Haiti: A Deficient Gospel

This quote fromDr Dieumeme Noelliste, president of the Caribbean Evangelical Theological Association, quoted here in CT, made me think of many of our own problems with a reduced gospel of  “saving souls for heaven” that has resulted in a church which has nothing to say to the issues of social justice, economic inequality and racial reconciliation.

“My view: the gospel that has been preached in Haiti has left a vacuum—has left the political landscape untouched. The church doesn’t see its business as being a prophetic witness to those in power. The result has been a political sector left to its own devices; this is why the common people were the first responders to the crisis, not the government. This is the result of the gospel being truncated, emasculated, instead of confronting the powers that be to do what God intends for them to do: protect and enhance life.”

HT: TSK


2 Responses to “Haiti: A Deficient Gospel”

  1. “reduced gospel of “saving souls for heaven”,” as opposed to? Biblically speaking that is?

    “A church which has nothing to say to the issues of social justice, economic inequality and racial reconciliation,” might well be a function of deficient leadership or lethargic inaction or lackluster teaching but to link them so tightly to the Gospel message? Could you give a bit more explanation?

    “The result has been a political sector left to its own devices; this is why the common people were the first responders to the crisis, not the government.” Are governments saved or individuals? When any government responds to tragidy is it a Christian act? The South Africa government responded, was that a Christian act?

    “the gospel being truncated, emasculated…” What do you want to add to the Gospel message?

    Have I missed something here?

  2. Mark, let me say immediately what I am not saying and on which we probably agree. I am in no way downplaying the cross or Christ, the sinfulness of man and our need of a Saviour to rescue us from the wrath of a just God. For the record I believe in penal substitutionary atonement.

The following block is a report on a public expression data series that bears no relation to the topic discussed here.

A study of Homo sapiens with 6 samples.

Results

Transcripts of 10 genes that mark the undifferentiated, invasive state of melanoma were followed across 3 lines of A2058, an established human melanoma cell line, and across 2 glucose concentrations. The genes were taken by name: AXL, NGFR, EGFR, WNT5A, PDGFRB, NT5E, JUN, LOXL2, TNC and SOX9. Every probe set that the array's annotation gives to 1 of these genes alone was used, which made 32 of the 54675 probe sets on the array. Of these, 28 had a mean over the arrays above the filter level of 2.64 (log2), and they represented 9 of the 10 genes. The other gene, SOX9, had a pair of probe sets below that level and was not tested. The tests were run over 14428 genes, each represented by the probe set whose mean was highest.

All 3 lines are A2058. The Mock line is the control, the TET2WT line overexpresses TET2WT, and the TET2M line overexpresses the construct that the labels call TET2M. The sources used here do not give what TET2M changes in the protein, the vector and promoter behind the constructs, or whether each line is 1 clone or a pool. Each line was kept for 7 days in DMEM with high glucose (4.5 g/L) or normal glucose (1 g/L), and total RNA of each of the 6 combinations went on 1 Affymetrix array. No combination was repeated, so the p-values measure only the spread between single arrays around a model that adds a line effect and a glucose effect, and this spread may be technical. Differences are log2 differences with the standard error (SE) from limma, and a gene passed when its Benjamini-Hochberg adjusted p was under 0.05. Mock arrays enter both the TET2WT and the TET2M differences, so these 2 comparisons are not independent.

Let me now attempt to respond to your critiques. I will try to keep it short and let you respond where you disagree or require clarification.

    1) Saving souls for heaven is not biblical language. This language is influenced in part by Plato and in part by individualistic western post-enlightenment Christianity. The language the Bible uses is of God reconciling all things to himself in Christ.

    2) Jesus, himself, uses the language of the in-breaking and growing Kingdom. There is certainly a future element to this kingdom – consummation. But the Kingdom has broken in, in real and significant ways, through the death and resurrection of Jesus and the subsequent sending of the Holy Spirit. We of course enter this kingdom through faith in Christ alone by grace alone.

    3) Thus the gospel message is not simply about me and my individual relationship with Jesus rather it is me (or us!) joining with God in his work of reconciling all things to himself. The gospel is not simply a free ticket to heaven when I die with in effect little to say about God’s present work in this world, wider than my personal life and holiness.

    4) In Christ we become citizens of another kingdom who live and represent the values and life of that Kingdom now. If the central tenet of that Kingdom is heaven then effectively what matters in life before death is personal holiness. And it is hard to argue with that logic. I have both experienced and preached this line before. Think about most application in most churches – personal holiness. Is that really all God is on about in the Bible?

    5) But if our role is as citizens of the in-breaking Kingdom (communal) to join with God in his work of reconciling all things to Him – then suddenly matters of social justice, racial reconciliation, poverty allieviation etc are no longer good things to do. They are essential to our understanding of the gospel message o

    6) I wish to add nothing to the gospel – I simply wish us to hear it fully, radically, holistically.

    7) N.T. Wright in his book Surprised by Hope helped me to see that our doctrine of eschatology (last things) effects our understanding of the gospel message in more significant ways than we often assume.